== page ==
For new moms (and even experienced ones) breastfeeding a newborn baby can be one of the most complicated and misunderstood aspects of motherhood. Many mothers and mothers-to-be have unanswered questions about breastfeeding that could help ease the process. Here are some of the most commonly asked questions, and some helpful answers, about breastfeeding for Breast Feeding Awareness Month.
Q: What are the benefits of breastfeeding?
Breastfeeding has many benefits for both mom and baby. Babies who are breastfed are offered some protection against childhood infections due to the nutrients in the breastmilk. In addition, breastfeeding provides nutritionally balanced meals, and even offers emotional benefits.
Q: What if my baby has trouble latching?
Getting your baby to latch on to your breast takes practice. The best way to find the right position for you and your baby is through trial and error. If you continue to have trouble, your doctor can provide you with useful techniques, tips, and tricks!
Q: What should I eat and drink?
You won’t need to follow any specialized diet here, simply ensure that you’re getting plenty of fruits, vegetables, whole grains, and high-calcium foods. Also be sure to drink plenty of water. Don’t overdo it, though. You’ll only need to consume approximately 300 more calories per day than you normally would.
Q: Can I drink coffee or tea if I’m breastfeeding?
Yes, it is okay to consume caffeine while breastfeeding. Whatever you consume does enter your breast milk, but 300 milligrams of caffeine (no more than three cups of coffee) is a safe amount.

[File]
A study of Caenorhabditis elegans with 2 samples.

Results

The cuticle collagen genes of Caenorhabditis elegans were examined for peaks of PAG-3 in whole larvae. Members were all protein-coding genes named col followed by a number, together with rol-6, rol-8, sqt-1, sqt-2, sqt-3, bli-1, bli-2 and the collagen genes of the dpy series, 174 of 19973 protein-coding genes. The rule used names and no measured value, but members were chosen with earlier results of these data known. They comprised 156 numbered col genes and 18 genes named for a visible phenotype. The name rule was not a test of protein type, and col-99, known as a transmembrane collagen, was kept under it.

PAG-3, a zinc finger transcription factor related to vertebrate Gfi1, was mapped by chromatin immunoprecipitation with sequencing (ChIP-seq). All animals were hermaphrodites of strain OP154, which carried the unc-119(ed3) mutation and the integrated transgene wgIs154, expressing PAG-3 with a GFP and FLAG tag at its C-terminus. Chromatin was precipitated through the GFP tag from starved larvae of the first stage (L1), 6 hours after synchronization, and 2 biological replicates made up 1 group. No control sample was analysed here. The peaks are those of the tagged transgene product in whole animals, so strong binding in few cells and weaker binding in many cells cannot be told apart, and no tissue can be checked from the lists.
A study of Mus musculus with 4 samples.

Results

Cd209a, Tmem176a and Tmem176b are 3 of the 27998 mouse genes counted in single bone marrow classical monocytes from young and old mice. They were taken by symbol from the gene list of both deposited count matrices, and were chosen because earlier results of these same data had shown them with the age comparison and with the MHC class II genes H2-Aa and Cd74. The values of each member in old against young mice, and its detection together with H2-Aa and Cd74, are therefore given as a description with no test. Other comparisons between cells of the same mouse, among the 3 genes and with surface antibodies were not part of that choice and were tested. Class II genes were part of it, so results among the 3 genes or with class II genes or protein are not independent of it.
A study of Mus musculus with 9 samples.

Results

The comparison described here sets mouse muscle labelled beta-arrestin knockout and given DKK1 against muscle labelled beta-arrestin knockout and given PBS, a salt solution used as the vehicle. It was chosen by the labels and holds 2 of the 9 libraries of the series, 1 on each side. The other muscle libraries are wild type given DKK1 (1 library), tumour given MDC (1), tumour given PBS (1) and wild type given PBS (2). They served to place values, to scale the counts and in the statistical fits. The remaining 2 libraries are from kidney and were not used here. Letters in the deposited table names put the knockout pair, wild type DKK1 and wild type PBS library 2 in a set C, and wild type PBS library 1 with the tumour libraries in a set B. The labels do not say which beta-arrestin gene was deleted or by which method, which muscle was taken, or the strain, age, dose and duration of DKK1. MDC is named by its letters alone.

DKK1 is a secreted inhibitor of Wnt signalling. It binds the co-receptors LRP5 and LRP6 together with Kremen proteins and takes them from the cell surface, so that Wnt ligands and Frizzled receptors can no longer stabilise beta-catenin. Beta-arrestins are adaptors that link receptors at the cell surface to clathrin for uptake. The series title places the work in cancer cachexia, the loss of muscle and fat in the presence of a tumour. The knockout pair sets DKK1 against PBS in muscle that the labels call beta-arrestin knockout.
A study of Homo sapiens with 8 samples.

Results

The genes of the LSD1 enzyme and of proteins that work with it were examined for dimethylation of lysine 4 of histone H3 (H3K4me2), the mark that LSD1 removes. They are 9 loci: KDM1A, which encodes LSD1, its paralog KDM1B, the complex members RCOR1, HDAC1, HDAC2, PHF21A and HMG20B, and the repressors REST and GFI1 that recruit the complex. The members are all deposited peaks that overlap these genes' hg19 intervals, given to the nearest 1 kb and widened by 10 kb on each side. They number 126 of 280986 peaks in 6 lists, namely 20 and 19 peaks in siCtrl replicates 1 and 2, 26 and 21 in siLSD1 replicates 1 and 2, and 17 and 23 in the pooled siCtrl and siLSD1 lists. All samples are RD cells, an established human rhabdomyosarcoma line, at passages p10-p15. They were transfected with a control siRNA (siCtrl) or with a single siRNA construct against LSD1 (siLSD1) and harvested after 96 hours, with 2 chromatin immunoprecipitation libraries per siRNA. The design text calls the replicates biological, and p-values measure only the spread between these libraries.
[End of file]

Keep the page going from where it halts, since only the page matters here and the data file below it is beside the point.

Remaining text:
Q: Does breastfeeding hurt?
Many women experience pain during the first few weeks, but eventually, that pain will go away. Some women may never feel pain, but only some minor discomfort.
Q: Can I store breast milk?
Yes, you can pump and store breast milk as long as it is stored safely. This will allow you and your partner to be able to feed your child without breastfeeding directly.
Q: Will I lose sleep if I breastfeed?
Your baby will need to be breastfed every two to three hours. Since this includes night-time hours, your sleep schedule may be a bit erratic. Pumping and storing breast milk may be a solution so that you and your partner can take turns feeding the newborn at night.
Q: Can I breastfeed in public?
You have the legal right to breastfeed your baby in public. Many women do not feel comfortable doing so, but it is your right if it is something that you wish to do.
Q: What if I can’t breastfeed or choose not?
If you are unable to breastfeed, which many new mothers are for a variety of reasons, or choose not to breastfeed that doesn’t make you a bad mom. Taking care of your baby and ensuring they’re getting the nutrition they need means you’re already a great mom.
If you have any questions about breastfeeding or nutrition for your baby, please schedule an appointment with Women’s Health Partners.